Do a depth-first traversal through the decisionspace, ordering by expected time of finishing the design having made that decision.
Sounds more like an A* algorithm to me! ;)
As for the OP's question, it is all a matter of picking your battles. You can't make everything perfect all the time, you have to go back-and-forth between cowboy-coding and elegant software design all the time. Identify things that are critical, require more attention, and whose design will have a longer-lasting effect on the rest of the development of the system, and then take the time to design that part correctly. Then, for the rest, you quickly throw a working piece of code together (i.e., that's called cowboy-coding). Usually, core functionalities fall under the former category, while auxiliary functionalities fall under the latter.
At the end, investing proper time into the design of critical functionalities is going to save you a lot of time later when you don't have to debug as much or have to do too many design iterations (or patch-work). So, in the long run, proper design actually helps you meet the deadlines (given that the requirement is for a quality-assured software that has gone through enough testing and enhancements).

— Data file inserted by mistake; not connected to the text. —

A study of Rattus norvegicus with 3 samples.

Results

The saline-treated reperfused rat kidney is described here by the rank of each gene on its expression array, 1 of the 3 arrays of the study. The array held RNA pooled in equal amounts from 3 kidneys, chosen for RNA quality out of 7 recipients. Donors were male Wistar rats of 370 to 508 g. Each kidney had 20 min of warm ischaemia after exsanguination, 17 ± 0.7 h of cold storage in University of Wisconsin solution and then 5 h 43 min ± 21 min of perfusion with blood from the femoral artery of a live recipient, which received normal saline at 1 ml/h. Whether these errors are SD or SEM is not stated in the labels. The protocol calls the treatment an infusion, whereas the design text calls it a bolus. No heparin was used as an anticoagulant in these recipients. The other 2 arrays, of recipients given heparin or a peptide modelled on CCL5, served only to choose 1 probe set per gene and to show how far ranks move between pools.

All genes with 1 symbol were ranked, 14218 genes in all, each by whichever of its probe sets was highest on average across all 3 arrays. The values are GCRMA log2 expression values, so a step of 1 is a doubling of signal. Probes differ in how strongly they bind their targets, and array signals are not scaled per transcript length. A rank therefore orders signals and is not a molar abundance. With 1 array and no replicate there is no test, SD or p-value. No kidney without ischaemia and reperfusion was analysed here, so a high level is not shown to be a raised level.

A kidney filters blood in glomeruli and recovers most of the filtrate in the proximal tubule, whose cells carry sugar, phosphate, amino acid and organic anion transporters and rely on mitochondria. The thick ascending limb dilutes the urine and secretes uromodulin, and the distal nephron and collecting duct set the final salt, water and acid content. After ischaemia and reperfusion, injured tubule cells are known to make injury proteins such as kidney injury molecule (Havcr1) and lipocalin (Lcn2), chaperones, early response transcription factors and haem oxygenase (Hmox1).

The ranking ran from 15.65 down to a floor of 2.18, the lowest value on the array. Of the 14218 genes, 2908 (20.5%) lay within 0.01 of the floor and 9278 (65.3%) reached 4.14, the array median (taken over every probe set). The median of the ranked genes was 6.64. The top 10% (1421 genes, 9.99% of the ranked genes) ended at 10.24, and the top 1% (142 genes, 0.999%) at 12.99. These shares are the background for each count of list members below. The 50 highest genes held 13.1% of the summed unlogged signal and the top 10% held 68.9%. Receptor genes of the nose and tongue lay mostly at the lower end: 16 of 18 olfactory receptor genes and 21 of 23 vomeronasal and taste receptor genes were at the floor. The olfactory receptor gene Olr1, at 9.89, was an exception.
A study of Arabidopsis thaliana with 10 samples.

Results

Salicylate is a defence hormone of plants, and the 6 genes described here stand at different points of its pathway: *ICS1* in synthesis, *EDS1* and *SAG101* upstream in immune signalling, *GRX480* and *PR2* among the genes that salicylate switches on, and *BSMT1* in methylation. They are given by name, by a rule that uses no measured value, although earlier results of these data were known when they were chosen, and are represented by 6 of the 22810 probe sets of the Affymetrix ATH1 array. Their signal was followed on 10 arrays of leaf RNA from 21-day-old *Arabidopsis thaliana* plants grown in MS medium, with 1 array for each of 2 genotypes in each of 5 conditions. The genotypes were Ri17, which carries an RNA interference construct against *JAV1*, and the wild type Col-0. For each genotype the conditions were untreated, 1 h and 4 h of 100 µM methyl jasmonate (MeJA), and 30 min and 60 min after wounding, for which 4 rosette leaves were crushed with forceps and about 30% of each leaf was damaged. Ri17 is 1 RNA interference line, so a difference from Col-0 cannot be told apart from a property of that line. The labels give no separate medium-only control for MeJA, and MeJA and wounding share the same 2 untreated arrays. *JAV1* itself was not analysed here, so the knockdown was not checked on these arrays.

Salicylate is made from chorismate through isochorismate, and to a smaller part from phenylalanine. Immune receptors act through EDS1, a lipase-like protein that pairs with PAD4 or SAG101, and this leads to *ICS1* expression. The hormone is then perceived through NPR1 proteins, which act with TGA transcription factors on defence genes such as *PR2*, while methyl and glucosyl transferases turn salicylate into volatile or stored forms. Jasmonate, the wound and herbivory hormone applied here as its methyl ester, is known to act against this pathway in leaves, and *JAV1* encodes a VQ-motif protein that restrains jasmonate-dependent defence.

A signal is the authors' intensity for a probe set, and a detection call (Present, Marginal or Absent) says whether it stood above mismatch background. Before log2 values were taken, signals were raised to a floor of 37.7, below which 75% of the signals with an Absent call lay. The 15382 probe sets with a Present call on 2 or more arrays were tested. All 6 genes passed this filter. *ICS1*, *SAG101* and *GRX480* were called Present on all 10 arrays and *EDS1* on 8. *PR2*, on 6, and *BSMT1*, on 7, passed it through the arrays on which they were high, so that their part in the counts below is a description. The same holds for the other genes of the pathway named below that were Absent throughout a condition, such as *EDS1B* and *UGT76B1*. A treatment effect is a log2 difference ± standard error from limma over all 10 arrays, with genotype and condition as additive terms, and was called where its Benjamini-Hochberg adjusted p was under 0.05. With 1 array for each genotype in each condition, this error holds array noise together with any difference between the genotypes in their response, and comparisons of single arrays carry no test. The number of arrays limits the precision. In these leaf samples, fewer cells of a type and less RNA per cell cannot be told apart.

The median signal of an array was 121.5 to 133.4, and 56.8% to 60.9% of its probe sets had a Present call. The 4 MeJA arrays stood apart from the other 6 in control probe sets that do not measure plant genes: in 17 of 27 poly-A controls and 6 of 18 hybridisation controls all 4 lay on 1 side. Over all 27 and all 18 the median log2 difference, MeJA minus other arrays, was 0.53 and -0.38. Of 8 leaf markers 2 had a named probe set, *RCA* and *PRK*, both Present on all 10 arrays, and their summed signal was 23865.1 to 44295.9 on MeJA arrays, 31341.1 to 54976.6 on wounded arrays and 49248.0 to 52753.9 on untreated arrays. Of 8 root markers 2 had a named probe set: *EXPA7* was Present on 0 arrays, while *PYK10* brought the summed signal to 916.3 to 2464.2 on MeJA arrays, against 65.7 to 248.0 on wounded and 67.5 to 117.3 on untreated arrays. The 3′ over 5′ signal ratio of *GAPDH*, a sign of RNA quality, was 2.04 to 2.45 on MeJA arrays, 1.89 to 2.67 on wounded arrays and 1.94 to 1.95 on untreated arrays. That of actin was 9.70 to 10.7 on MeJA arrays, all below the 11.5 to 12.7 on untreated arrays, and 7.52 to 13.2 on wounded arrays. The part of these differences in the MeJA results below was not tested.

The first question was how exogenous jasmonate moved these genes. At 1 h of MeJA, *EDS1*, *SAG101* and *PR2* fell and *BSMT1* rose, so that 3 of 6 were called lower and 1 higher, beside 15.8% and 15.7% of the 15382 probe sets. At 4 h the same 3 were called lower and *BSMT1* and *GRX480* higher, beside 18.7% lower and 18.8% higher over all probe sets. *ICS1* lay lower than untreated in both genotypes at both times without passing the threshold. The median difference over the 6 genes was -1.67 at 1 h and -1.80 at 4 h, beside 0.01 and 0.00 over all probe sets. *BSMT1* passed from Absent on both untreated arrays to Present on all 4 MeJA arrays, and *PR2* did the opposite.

The field or company you are working at will also strongly affect the time you can spend designing a system. If you are just writing a simple Android app for a company (for an ad-campaign, sales, etc.), then you probably shouldn't even spend a minute doing "software design", just code it up. But if you are designing 6-sigma quality-assured software to do high-fidelity tasks, and it's a long-term-support type of software (10-20 years, with plenty of maintenance and enhancements to do later), then you'd better spend a good amount of time designing that software system (as rubberman (a daniweb member, who does this kind of work) would say, spend 90% of your time designing, 10% coding). It also depends on the culture at your company, some just want versions to roll-out as fast as possible so that they can fill the shelves in the stores, others understand that the quality and sustainability of the design matters a lot down the road.